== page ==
Schipperkes are active, intelligent and curious dogs and have stubborn tendencies. They are ideal for owners who want a small-sized, active dog that does not require a large yard.
In the 1690s, the schipperke became popular on the barges and earned its name schipperke, meaning "little captain" in Flemish.
Male: 13-16 lbs.
Female: 12-15 lbs.
Height at Withers:
Male: 12 in.
Female: 11 in.
Upright ears (naturally)
Exercise Requirements: 40 minutes/day
Energy Level: Very energetic
Longevity Range: 12-16 yrs.
Tendency to Drool: Low Tendency to Snore: Low
Tendency to Bark: High
Tendency to Dig: Low Social/Attention Needs: High
Characteristics: Double coat, straight
Overall Grooming Needs: Moderate
AKC Classification: Non-sporting
UKC Classification: Companion Dog
Schipperkes (pronounced SKIP-per-key) are small dogs weighing 12 to 16 pounds (five to seven kilograms). A male schipperke is 11 to 13 inches in height at the shoulder; females are slightly smaller at 10 to 12 inches tall.
Schipperkes have a distinctive outline, sloping from the highest point at the withers to the base of the tail. They have a fox-like head, a deep chest, small feet and no tail. Those born with a tail have it cropped to one inch. Schipperkes generally mature at one to two years, although they reach their full size around six to eight months.
The schipperke's coat has a medium length outer coat and a thick under coat or double coat. Solid black, it is easily cared for with brushing and combing once a week. Schipperkes have longer fur on the neck and chest and down the limbs. They shed twice a year. Schipperkes require baths once a month or more if dirty.
Schipperkes are active and curious dogs. Because of their history as companions, schipperkes do not make good kennel dogs and prefer being with their owners. They are highly intelligent and need activities to keep them occupied to prevent destructive behavior such as excessive barking, chewing and digging.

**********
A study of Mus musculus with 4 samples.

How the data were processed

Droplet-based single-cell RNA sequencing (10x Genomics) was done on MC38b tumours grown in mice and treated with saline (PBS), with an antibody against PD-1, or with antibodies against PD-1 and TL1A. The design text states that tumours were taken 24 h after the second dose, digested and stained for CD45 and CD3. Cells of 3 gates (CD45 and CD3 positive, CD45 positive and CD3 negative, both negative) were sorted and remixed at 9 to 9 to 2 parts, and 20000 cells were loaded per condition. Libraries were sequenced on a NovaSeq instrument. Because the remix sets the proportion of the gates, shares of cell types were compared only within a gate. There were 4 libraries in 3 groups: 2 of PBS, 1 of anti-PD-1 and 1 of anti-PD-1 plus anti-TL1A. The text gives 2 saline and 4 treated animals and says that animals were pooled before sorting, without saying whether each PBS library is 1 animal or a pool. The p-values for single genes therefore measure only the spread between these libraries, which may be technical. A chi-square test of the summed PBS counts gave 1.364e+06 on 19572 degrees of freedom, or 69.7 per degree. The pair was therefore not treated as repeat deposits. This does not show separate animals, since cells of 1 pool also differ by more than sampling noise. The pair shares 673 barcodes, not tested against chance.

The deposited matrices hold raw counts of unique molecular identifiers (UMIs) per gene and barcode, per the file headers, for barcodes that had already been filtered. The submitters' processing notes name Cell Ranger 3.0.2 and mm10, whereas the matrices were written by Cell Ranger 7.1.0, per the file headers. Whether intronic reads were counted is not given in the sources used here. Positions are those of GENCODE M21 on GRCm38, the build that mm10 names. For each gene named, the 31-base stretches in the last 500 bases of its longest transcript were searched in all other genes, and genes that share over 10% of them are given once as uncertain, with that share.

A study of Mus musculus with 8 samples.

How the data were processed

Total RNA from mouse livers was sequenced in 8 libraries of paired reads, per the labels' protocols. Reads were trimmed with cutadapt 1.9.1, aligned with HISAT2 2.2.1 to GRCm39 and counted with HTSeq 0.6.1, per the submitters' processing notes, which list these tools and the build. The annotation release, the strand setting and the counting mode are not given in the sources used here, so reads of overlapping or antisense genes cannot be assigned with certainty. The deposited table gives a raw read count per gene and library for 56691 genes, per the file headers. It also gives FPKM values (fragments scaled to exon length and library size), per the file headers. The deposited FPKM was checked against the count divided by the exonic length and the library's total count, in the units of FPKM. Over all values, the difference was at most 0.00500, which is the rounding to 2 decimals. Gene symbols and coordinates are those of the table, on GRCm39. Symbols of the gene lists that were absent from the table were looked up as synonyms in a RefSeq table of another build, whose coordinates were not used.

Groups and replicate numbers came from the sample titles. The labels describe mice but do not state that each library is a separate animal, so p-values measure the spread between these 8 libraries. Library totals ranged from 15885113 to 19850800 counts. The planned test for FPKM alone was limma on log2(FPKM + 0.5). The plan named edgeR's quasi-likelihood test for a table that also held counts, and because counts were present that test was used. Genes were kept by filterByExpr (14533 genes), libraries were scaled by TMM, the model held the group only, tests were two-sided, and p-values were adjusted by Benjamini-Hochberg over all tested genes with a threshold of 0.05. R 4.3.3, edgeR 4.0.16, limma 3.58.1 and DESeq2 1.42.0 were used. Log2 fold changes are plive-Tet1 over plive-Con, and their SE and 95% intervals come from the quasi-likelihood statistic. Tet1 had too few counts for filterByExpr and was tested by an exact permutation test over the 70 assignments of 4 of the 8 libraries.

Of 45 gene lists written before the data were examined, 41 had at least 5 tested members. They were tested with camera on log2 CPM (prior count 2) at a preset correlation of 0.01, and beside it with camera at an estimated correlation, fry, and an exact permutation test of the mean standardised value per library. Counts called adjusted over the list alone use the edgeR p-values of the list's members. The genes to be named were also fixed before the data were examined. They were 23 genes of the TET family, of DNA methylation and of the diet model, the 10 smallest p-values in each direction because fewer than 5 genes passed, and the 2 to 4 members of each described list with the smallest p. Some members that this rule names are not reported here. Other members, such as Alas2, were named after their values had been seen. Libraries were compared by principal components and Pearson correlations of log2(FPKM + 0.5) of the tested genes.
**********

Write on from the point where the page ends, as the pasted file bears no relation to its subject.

Schipperkes are very intelligent but may be stubborn. Novice owners may have difficulty training them without the help of an experienced trainer. Schipperkes need a fenced-in backyard and must be on a leash when not confined. They may not come when called.
Schipperkes need a large amount of interaction with people. They can be dog aggressive, so care should be taken to socialize them with other dogs before bringing another dog into the household. Because of their days of hunting vermin on barges and in shops, schipperkes have a high prey drive for rodents, birds and reptiles and should be kept away from these animals.
They make good watchdogs, but they are prone to bark excessively. They are reserved toward strangers. Their size prohibits them from being effective guard dogs. They cannot handle rough treatment and may snap if startled or teased. Schipperkes are ideal for owners who want a small-sized, active dog that does not require a large yard. Schipperkes can be satisfied with walks and games of fetch. These dogs do not do well left alone for long periods. Schipperkes typically live from 12 to 16 years.
The schipperke is an old Belgian breed that dates back several hundred years. First mention of the schipperke was by a monk in the 1400s. In 1690, guild workers in Brussels held a show featuring the schipperke, known as the spits or spitske.
The schipperke quickly became popular on the barges and earned its name schipperke, which means "little captain" in Flemish. (The true Flemish pronunciation is "sheep-er-ker.") Often called the "canal boat dog," these dogs were popular with the tradesmen as well.
In 1885, Queen Marie Henriette, the wife of Leopold II, became enamored with these small dogs. The breed's popularity grew with the upper classes and quickly spread to England. Walter J. Comstock imported the schipperke to America in 1888. In 1929, the Schipperke Club of America was founded.